Wedding invitation

In October 2015 my sister got engaged and asked me to create the wedding invitation. This was when I was still very much an amateur designer however I appreciated the opportunity to create such a meaningful and significant design so I nervously took on the challenge. I had previously designed an anniversary invitation which wasn’t as high profile which was well received so I took inspiration from that.

Diamond Wedding Invitation for family and friends, designed and created by myself

To begin with, I was shown a few different examples that the client liked particular elements from and then was asked to create something that was a combination of the different preferred specifics. I began by studying what worked with previous wedding invitations, what style of font and how ‘frilly’ the style would be.

A pleasant feature from this invitation was the cursive typeface and the contrast between that and the small sans-serif typeface
The bold typeface and the capitals contrasting with the cursive typeface create an elegant and sophisticated look in this invitation
This response card’s layout and style was visually pleasing

All example styles I had looked at were uncomplicated in design with a plain background and printed in black only. Each had a combination of large script and smaller serif or sans serif typeface and they were all aligned centrally. I took these design elements and created an invitation which was then tweaked as requested. I had to think about the interaction the receiver would have with the invitation and RSVP card, how they would perceive it and if it was easily understood how to fill in the response.

Once I had created the final draft it was sent off to be printed. I checked all details and once I was happy that it was as it should be the rest were ordered.

This was the first time I had done something so high end. It included the processes of collecting the different preferred design elements and combining them to create the final wedding invitation and also keeping in constant communication with the client to ensure what I was doing was exactly as they requested. I felt it was also important to consider how it would be received when posted to the guests and how clear and self-explanatory the format was. Finally I then had to get the first proof copy printed, choosing the correct paper and communicating with the printing company leading to the final product being mass produced.

This slideshow requires JavaScript.

This opportunity helped me to understand more about the audience of the design and how it would be received. It also gave me the chance to interact with a printing company, thinking about what format files are needed, sizing and paper, things I had never taken into consideration when designing on screen. Creating a wedding invitation was also a good opportunity to work to a client’s exact needs and wishes, communication was a vital part of the design process as they had precise requirements with the design and wording to be included.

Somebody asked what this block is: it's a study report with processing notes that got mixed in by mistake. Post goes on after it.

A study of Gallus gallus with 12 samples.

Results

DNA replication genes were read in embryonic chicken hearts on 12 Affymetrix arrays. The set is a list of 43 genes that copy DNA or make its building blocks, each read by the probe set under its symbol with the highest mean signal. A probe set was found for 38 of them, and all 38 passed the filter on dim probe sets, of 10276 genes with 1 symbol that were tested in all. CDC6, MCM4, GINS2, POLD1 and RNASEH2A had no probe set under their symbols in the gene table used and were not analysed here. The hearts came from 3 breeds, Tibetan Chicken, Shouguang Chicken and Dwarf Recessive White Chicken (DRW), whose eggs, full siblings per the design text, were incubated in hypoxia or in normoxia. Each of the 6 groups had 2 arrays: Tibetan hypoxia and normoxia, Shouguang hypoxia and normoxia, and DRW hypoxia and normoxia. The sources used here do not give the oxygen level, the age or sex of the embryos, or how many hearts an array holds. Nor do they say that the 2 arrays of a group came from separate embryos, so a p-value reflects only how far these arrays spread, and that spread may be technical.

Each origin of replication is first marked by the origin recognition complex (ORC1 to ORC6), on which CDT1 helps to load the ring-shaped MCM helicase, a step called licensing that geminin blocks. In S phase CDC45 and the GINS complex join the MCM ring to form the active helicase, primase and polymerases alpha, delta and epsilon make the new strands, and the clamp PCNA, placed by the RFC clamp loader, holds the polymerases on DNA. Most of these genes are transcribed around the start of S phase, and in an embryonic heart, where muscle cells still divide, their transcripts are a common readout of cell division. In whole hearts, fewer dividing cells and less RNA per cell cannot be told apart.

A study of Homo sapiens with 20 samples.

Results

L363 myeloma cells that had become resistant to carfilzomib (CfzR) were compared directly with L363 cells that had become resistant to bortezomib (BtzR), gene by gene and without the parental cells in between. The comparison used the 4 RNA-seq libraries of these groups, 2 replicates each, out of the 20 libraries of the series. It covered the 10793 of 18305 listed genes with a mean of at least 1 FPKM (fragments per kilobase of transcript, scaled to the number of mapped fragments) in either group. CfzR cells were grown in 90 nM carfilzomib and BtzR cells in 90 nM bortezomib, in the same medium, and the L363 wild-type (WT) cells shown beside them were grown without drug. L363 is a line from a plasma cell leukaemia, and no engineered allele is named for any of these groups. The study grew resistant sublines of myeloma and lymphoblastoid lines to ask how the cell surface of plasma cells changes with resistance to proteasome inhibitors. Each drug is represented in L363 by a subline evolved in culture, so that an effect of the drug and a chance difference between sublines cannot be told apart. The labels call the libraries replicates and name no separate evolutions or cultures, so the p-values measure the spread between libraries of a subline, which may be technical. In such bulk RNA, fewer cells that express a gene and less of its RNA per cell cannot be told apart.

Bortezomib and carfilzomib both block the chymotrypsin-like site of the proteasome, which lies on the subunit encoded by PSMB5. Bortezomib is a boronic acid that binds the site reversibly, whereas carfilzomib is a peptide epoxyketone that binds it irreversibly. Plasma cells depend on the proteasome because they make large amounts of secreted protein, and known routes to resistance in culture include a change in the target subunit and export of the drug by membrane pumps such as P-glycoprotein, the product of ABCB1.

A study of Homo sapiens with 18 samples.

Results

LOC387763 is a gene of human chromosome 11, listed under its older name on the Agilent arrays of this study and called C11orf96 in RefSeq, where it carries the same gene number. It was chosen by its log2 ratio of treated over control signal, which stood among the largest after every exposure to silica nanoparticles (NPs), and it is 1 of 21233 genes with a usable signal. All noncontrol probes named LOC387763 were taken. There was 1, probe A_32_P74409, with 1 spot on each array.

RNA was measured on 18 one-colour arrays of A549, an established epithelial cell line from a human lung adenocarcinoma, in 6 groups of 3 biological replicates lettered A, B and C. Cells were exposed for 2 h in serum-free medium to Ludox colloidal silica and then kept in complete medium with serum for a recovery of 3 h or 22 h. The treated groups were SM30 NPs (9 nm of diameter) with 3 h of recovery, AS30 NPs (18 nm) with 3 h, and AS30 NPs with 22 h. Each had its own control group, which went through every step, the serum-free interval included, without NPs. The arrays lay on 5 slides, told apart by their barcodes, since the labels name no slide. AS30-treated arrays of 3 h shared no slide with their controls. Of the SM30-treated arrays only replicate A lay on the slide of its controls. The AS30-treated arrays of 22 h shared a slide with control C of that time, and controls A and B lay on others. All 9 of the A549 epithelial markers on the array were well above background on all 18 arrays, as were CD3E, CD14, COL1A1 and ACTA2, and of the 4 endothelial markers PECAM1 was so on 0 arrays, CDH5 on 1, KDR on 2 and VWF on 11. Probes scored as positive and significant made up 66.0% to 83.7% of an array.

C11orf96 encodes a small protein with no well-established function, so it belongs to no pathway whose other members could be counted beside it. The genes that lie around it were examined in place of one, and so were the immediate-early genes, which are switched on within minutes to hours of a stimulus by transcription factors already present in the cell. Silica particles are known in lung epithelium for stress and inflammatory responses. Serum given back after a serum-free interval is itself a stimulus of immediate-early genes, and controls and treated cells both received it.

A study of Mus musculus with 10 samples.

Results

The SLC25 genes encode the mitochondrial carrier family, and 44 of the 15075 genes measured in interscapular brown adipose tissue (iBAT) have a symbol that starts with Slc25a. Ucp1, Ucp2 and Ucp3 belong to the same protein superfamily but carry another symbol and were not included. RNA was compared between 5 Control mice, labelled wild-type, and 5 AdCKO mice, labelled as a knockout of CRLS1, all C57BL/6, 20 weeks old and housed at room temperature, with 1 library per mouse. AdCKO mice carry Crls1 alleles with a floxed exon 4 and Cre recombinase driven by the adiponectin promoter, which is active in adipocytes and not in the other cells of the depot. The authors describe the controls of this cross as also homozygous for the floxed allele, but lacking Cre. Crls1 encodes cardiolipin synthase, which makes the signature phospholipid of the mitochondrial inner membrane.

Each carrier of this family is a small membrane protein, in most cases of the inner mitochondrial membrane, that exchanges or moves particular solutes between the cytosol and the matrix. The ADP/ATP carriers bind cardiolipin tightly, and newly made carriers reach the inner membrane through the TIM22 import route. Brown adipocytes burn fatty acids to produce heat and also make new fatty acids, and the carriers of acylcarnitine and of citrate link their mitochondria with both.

Psychedelia and Graphic Design

Our first lecture with Dr Simon Bell was focused on the psychedelic period (late 1960s), looking at why people of that generation had their particular view on the world and how this had an impact on the posters made in that time.

We initially looked at the 1960s, trying to understand why it was such an important era for graphic design. Up until about 1966 it looked back to the 1950s (post war times), 1966-67 had a life of its own, then the rest looked like the 70s. The overlap meant different creative styles could live side-by-side, responding to, and in turn generating, sub-cultures who could become easily defined and targeted. If your audience is very wide, your work can become bland and difficult to design, because you simply don’t know your audience.


The Byrds Poster by Wes Wilson, 1967

So why were posters from that era so difficult to read and unlike how you would expect a poster to be designed? In the mid-sixties, much of the youth had grown up listening to the stories of current events such as the Vietnam War, the assassination of prominent figures (such as John F Kennedy and Martin Luther King) and the Civil Rights Movement. This shaped a troubled society who were very inward-looking and self-absorbed consequently trying to find a way out, which happened to be music.

This was a very closed society who did not want to be involved with the government. Artists recognised this as an opportunity to create posters that did not need to be read to be understood, the posters weren’t trying to broaden a community or sell things to as many people as possible. Instead they acted as reminders to those already in the know about the events, reinforcing the exclusive and self-absorbed union of the hippy generation. This meant the text could be hand drawn, almost illegible to those glancing at the poster and the designs could be extremely colourful, with a lot going on and no single concept.

Canned Heat Poster by Lee Conklin, 1968


This lecture really got me thinking about psychedelia, a word I had never even heard before! It made me realise that a posters function isn’t always simply to sell a product or make people aware of whatever it’s trying to tell them. Design can be used for the exact opposite of what you may think. Perhaps sometimes it’s most effective that way!